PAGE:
On Aug. 1, 2006, Michael Levin, 22, was fatally wounded by Hezbollah sniper fire during a house-to-house battle in southern Lebanon. Michael was an American oleh, an unmarried young man whose family has remained in suburban Philadelphia. He was one of several thousand “hayalim bodedim” (lone soldiers) in the Israel Defense Forces. My wife, my daughter, and I along with Rich and Eileen Waloff and their sons, accompanied Michael’s loving parents and two sisters to Jerusalem for his burial. I had been the Levins’ rabbi in Bucks County, PA., in the late 1970’s and have remained “Uncle Alan” to their children. Amid our boundless grief, upon our arrival in Israel we witnessed a profound outpouring of love and affection never to be forgotten.
The logistics of this all-too-sudden emergency journey were handled with grace and kindness by Philadelphia’s Israeli consul general, El Al Israel Airlines, the Crowne Plaza Hotel in Jerusalem, and the IDF. At no time was the Levin family left without advocates and facilitators ready, willing, and able to help. Each element of Israel’s society we encountered made clear to me, as the rabbi in the group, “Rabbi, please encourage Michael’s family not to have a moment’s hesitation in asking for any special consideration. Nothing is too large or too small. We are here to give as much comfort as is humanly possible
We feared that Michael’s funeral would be a stark military service with precious few people in attendance. Would we get a minyan? Would any words be spoken to the Levin family in English? At the family’s request, I had prepared a eulogy during the flight. We waited for the other details to unfold. To our amazement, on Tisha B’Av, 2,000 to 3,000 people were present, crying with us, offering their emotional support. It was a sea of am Yisrael: religious and secular, old and young, olim and sabras, Americans and Ethiopians. This was an outpouring of Jewish unity by people who had loved Michael and by many more who had never met him but were moved by his story. Theirs was a collective expression of the message the Levins received throughout the trip: “The entire State of Israel is with you in your grief. Michael is our family member, too.”
Our stereotypic view of the Israeli army was changed forever. The IDF is deservedly known for its toughness, discipline, and uniformity. We were moved to see that Michael was beloved for his individuality within the IDF ranks. The soldiers in his elite paratrooper unit truly loved and admired him. They knew his passions for Zionism, for the State and People of Israel. The raw emotions and genuine grief of the unit bonded them powerfully to the Levin family. “We will forever regard Michael as one of us,” paratrooper after paratrooper cried out. Shiva visits by the unit commander, by then IDF human resources branch chief Maj. Gen. Elazar Stern, and by other military officials made clear that Michael’s sacrifice will be remembered and recounted perpetually. Israeli soldiers of the future learn about his life and courage and be inspired by his example.
In the midst of wartime in Lebanon, Israeli society came to a brief stop to pay deference to Michael Levin. The Torah warns that our people will live our collective lives as “a people apart” within the family of nations. Given Israel’s on-going struggle for its existence, there often is a profound sense of global isolation. As I heard from numerous Israelis, “The Arabs have 23 Arab states and 50 Muslim states on their side. All we have is you, the Jews of the Diaspora, especially of the USA.”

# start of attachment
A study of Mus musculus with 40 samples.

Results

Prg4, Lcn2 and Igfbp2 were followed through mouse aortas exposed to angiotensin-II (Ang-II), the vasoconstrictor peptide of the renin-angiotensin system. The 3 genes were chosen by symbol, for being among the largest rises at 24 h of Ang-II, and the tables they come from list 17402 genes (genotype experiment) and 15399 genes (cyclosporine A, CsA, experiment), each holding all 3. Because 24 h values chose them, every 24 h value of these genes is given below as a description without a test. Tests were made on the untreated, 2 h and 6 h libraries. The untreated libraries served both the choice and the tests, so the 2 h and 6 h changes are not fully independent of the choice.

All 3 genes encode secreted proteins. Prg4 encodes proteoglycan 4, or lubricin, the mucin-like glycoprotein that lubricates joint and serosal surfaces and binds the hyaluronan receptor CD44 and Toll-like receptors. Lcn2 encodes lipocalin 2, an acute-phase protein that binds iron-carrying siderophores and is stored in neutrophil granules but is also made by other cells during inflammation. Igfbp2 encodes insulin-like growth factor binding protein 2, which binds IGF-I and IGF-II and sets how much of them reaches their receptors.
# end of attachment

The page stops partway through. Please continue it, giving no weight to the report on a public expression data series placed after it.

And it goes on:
This sense of loneliness helped forge Israel’s bond with Michael, a “lone soldier” from America. His determination to defend Israel embodied the existential challenge faced by the Jewish State. Press and television hungered for contact with Michael’s grieving family. Israelis from all walks of life came to our hotel to touch and be touched by Michael’s courage. This was true of the family and guests of a bar mitzva boy who were at our hotel for Shabbat, of a retired commander of Michael’s paratrooper unit who walked five miles to pray with us, of the El Al pilots who insisted upon meeting their bereaved passengers, and of Israelis of all walks of life. As Israel’s President Moshe Katsav conveyed personally to Mark and Harriet Levin by telephone and by telegram: “I express deep consolation to you and to all of your relatives on behalf of the entire citizenry of the State…. Our hearts are with you.”
In tribute to Michael’s memory and passionate love for Medinat Yisrael, Harriet and Mark Levin established the Michael Levin Lone Soldiers Centers in Jerusalem Tel Aviv, Haifa and Beer Sheva.. Thousands of Lone Soldiers now have “heimisch” base in which to socialize with one another, to attend to day-to-day challenges of life in Israel, to learn about post-army Israel opportunities for college and career and so much more. Last Tisha B’Av, a Torah Scroll was donated to the Jerusalem Center by David and Jane Cohen of Sharon, Massachusetts.
Michael’s inspiring story has been captured by a moving video, “Hero In Heaven.” The film has been shown by hundreds of Jewish institutions around the world. Harriet, Mark and Elisa Levin have been honored speakers in diverse venues. Throngs of friends gather at Michael’s grave on Har Herzl each Yom Hazikaron, on his Yahrzeit, and on other special memorial occasions. Birthright groups and IDF units come to Michael’s “kever” to be motivated by his heroism. Countless young Olim were motivated to come to Israel by the narrative of this Zionist hero.
Here at his 11th Yahrzeit, the memory of the praiseworthy life and commitments to am Yisrael of Michael Levin grows into an ever stronger source of blessing. Thanks to the on-going flow of donations, the impact of the Michael Levin Lone Soldiers Centers expands, promoting Aliya all throughout the world.